The function of a human hand?
Writing a message, making a bed,
Opening a jar, dialing a phone,
Putting on pantyhose,
Touching the face of a child,
Or a lover.
And in its absence?
Yawning space and phantom pain,
And an oddly-shaped bandage
At the end of Angie’s arm.
PFC Hernandez, home in El Paso,
Watches her family watching her,
Writing awkwardly with her left hand,
Brushing her black wavy hair,
Watching Dr. Phil
Wearing an old gray-green T-shirt
Bearing the faded words
“Proud to be a Marine.”
Gasping and choking,
She wakes from thick, dusty dreams
Of shimmering, endless sand,
Echoing hollow with hatred,
And the feared but half expected
Roar of fiery amber heat,
Breaking the angry stillness,
Searing through the night
And Angela’s right hand.
I believe in angels
I saw one just today
She sat beside a mother
As they took her child away
She wrapped her wings around her
She listened while mom prayed
Through coffee cups and flowing tears
And yet the angel stayed
Nurses, doctors came and went
Daylight turned to eve
Mom sat alone or paced the halls
And yet the angel would not leave
Scrubs of green approached the doors
With paper shoes; mask hanging free
The angel stayed because she knew
The news was bad, you see
A little boy was draped in light
He joined the angel by her side
They held mom's hand as she was told
Her baby boy had died.
She pranced barefoot in the park
Caught fireflies in the dark
Believing every day a lark
From the moment they begin.
Joking of smoking like a train
Sucking cigarettes as if sugarcane
Strolling with one down Lover's Lane
Accompanied by a violin.
She knew who played that fiddle
Yet to the end chose to diddle
And find answers to the riddle
Of what waits once we've shed our skin.
Having no faith in oncology
Trusting herbalists and astrology
She offered no apology
As the minister came in.
Last rites were said and thus she died
By then all of us dried-eyed
Most aware of how hard she tried
Without any real chance to win.
Artist, musician, lyricist,
Sister, wife and mother head the list
Of memories that shall long persist
In the hearts of her surviving kin.
May 30, 2014
You lay in the wooden cot,
a broken sparrow,
Crushed. Bony. Frail.
Hair once plumed gold,
greyed to clumped feathers
like ragged trampled wings,
strawed out on the dank pillow.
Face once blushed pink plump,
Jolly kind of soft with life,
Sucked to bone. Nose to Beak.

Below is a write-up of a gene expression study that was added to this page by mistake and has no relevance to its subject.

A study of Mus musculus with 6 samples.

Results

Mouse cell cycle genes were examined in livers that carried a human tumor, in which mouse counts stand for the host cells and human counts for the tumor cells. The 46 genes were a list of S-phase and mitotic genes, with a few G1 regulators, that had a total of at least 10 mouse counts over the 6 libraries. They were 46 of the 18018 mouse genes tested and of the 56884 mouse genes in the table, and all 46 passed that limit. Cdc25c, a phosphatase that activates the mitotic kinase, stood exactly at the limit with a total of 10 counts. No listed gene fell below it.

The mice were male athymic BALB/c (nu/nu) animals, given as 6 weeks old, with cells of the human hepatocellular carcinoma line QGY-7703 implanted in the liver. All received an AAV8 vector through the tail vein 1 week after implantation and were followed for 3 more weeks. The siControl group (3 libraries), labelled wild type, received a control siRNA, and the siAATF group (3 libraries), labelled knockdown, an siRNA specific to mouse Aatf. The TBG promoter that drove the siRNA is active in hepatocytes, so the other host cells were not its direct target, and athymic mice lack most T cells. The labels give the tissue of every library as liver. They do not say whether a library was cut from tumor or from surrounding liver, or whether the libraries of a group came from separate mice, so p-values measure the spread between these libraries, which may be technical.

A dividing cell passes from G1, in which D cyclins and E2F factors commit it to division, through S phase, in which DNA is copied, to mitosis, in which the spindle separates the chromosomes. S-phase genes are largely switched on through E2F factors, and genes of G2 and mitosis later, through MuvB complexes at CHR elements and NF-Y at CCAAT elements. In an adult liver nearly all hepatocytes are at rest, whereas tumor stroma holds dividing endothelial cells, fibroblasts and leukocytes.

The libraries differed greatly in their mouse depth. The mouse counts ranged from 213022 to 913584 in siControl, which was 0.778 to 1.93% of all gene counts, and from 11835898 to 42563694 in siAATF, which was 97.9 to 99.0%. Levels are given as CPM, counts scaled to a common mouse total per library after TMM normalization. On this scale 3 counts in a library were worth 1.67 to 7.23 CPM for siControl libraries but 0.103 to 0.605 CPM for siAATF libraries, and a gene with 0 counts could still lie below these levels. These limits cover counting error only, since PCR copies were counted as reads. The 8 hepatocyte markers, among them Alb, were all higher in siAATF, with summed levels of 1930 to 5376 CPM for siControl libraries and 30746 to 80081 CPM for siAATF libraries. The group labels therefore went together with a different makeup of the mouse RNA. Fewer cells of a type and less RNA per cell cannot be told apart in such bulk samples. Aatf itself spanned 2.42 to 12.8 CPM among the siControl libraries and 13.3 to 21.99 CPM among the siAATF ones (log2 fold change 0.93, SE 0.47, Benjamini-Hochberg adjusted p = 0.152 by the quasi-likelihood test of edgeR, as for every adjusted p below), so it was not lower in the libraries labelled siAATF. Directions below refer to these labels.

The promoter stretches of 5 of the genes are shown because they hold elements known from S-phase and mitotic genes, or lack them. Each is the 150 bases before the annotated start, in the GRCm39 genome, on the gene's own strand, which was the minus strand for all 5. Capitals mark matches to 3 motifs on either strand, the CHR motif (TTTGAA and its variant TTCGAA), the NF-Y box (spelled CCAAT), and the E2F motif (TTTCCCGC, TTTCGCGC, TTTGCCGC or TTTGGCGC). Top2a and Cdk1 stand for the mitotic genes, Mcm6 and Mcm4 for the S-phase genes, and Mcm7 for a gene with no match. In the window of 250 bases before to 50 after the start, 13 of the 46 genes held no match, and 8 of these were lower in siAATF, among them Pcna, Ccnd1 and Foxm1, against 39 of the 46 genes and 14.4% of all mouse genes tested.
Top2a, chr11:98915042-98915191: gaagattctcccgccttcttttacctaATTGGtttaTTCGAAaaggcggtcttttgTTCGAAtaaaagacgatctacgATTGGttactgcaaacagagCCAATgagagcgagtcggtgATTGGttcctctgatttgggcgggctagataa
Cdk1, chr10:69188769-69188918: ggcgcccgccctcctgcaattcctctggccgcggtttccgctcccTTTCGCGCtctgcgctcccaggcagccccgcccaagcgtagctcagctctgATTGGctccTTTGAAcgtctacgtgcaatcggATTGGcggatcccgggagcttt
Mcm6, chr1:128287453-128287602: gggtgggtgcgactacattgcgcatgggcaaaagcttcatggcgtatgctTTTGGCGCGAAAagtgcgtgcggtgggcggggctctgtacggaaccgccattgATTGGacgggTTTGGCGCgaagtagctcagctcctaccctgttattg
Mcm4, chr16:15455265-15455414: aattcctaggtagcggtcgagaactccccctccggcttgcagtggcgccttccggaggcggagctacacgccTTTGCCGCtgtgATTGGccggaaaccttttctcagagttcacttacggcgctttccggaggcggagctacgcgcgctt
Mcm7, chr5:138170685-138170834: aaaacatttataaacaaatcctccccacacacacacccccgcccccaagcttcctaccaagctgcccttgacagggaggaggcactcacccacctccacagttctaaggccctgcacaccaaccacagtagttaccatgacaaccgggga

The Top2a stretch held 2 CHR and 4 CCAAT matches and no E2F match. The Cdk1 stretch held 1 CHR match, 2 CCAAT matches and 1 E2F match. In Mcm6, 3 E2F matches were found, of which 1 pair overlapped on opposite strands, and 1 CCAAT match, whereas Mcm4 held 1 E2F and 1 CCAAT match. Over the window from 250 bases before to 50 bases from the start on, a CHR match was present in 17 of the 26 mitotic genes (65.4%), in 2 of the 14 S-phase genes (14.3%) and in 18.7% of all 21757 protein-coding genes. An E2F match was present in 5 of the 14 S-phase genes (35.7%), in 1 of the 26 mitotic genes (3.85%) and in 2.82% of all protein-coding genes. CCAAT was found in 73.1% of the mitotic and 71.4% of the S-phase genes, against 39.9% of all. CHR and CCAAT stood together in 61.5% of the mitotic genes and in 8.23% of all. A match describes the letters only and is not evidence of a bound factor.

Echoes of the mask it will soon become.
I stroked this woman
now bent back to foetus pose.
Once sworled to shell,
wrapped inside myself,
Now boned to carcass stick.
I wanted to hold one more time,
frightened the last air would puff to nought from its hollowed breast.
But my sparrow turned and smiled,
a grimace to crack open any gates of envisaged hell.
Macabre teeth, once glowing love and laughter to the skies,
Now pecked to ochre stalks.
The pitiful bird pained to move.
Mucous mouth clacked open wide
To receive some lasting morsel of life.
Only its beady blue gaze
flashed a soul of its former self,
eyes to haunt the sea.
I swallowed back my tide of tears,
waves of memory flooding sands of life we’d shared,
from fledgling dawn cry to this,
the final nesting box.
I wanted to stuff this cot with down
of a million eider.
To cosset and hold soft this scrawn, gnawed through.
Pluck teal, goose, swan.
‘Who would have thought it would come to this?’ it croaked a laugh.
I matched smile with smile.
I held the tiny claw.
Desperate not to cling too much to pain,
too much to past.
I wanted to wrap up this dying bird
Limp, in my hanky.
White folded white, fold on fold.
Run through the streets
shouting at the world, at some unseen power.
She’s mine. She’s safe. Take me.
What cruelty did I do?
What evil must be stuffed in this maternal breast
To hold this daughter dust in my arms?
Haley gave up the ghost today,
all we could do was cry and pray.
She'd suffered so long, her whole life,
disease had wracked her body with strife.
Cystic Fibrosis did her in,
choked her lungs and kept her thin,
poor little child, we knew her well,
spending so much time in hospital hell.
She barely made twenty-one,
and now her short life's said and done.
We cried for her mother, in such grief,
but to Haley, by God, death was a relief.
a dory caught off guard in the billow of a wild frontier,
the south paw always an adverse of nature,
tranquil can be the fire,
but the the sparrow will mature,
a dormant trammel becomes earsplitting when broken,
now freedom promised as a perpetual token,
in the splendor of the petal the truth does not appear,
cripple the word and clarity becomes obscure,
deception weaved from inner fear,
not even gone and the cinerarium is in the picture,
oh! look at the view, raw are their souls preaching such an unholy scripture
Her husband was a kindly man,
never thought himself too grand,
fought hard and long in World War II,
what he saw there, no one knew.
They raised their kids to be good folk,
and, Lord, that man could tell a joke.
Two years ago, he got real sick,
and wound up in the hospital quick.
Two years of chemo, and radiation,
he fought like he had for his nation.
His sons gave marrow, the pain endured,
and, God be blessed, he was cured!
When he came home, he seemed depressed,
convinced his finances were a mess,
no one could tell him otherwise,
though his bank books were right before his eyes.
Last week, he took his shotgun to the shed,
and that's where poor Hope found him dead.
You came into my life unexpected.
I don’t enjoy your company.
I never asked for you in the first place.
You have bought me nothing but sadness since the day you arrived.
I cry every night because of you.
Why did you pick me out of everyone else?
I can’t stand the way you make me feel sick and nauseated.
It’s like you knock the wind out of me.
Now I’m trying to get back up and I will because I’m strong, powerful, and I
believe in myself.
You’re just a word that starts with the letter “C” and when you say it out loud its
I want run away from you I’ll fight you until the end.